Link Cleaning by David Burrows, Getz Fire Equipment
Most of us have learned the hard way that fire suppression system fusible link detectors will not take much abuse. All fuse link detection lines are under constant tension, relieving the tension activates the control assembly to discharge the system. No one wants to hear that distinctive pop of a fuse link letting go. These tips will help you get the links clean without releasing the system.
The chemicals used to clean the metal surfaces in an exhaust system are highly caustic and corrosive to the alloys used to make fuse links, and may cause the links to separate. These chemicals should not be sprayed directly on the links. Over-spray is going to happen, do not let the chemical sit and soak on the links; use low pressure to rinse the chemical as soon as possible.
Do not spray high pressure directly at the fuse links. Do not allow the link to spin in the bracket when sprayed with the wand.
Remove grease build-up by hand when necessary, but be very careful when handling the cable, link, and detector. Before cleaning, check the links and cable for wear or fraying at the s-hooks, brackets, crimp connections, and conduit connections. If the cable looks worn in any spot the whole line could let go. If you see signs of worn parts, it may be best not to touch the links and let the business owner know why you are not cleaning them.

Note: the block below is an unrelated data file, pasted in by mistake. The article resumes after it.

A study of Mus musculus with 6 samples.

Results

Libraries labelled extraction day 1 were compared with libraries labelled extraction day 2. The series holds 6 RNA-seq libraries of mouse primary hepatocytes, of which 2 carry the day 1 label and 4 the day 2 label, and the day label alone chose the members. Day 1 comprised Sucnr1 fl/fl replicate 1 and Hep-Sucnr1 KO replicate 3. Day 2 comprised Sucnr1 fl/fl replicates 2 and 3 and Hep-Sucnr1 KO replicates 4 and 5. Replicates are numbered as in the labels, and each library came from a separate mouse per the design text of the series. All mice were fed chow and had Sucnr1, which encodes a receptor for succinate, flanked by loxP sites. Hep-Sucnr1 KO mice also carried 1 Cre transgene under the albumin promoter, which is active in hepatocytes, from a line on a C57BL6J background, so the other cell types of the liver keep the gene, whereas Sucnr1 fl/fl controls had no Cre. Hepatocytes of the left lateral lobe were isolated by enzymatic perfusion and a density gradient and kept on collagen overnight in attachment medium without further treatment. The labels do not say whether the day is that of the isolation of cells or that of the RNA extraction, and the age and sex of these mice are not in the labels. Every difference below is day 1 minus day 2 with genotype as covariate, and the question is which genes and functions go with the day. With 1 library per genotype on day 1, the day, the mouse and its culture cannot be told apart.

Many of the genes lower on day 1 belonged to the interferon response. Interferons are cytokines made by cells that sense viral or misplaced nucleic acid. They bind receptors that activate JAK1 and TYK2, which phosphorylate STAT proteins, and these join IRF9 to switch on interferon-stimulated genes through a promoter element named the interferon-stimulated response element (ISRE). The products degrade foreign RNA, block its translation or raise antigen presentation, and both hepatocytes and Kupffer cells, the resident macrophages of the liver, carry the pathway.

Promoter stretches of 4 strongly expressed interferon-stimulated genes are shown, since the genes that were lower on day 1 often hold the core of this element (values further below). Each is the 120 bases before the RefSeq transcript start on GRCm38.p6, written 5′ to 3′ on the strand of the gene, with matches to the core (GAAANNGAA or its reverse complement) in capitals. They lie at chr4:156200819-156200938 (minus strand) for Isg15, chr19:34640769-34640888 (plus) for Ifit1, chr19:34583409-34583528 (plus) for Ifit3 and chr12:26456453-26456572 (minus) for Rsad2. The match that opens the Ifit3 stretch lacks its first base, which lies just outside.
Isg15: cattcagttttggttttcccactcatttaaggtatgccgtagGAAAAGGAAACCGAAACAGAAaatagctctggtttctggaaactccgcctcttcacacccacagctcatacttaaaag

All fire equipment companies are required to replace the fuse links annually at a minimum. Links weaken over time during the normal operation of heating and cooling. The date of the replacement is to be noted on the system inspection tag. Check the tag to make sure the links are current; if not, use additional caution when working with the detection line.
Reasonable care should always be taken not to pull, bend, or move the fuse link brackets and conduit from the original position. Loose detection line can allow the cable to lose tension when moved.
This article appeared in the Spring 2002 IKECA Journal.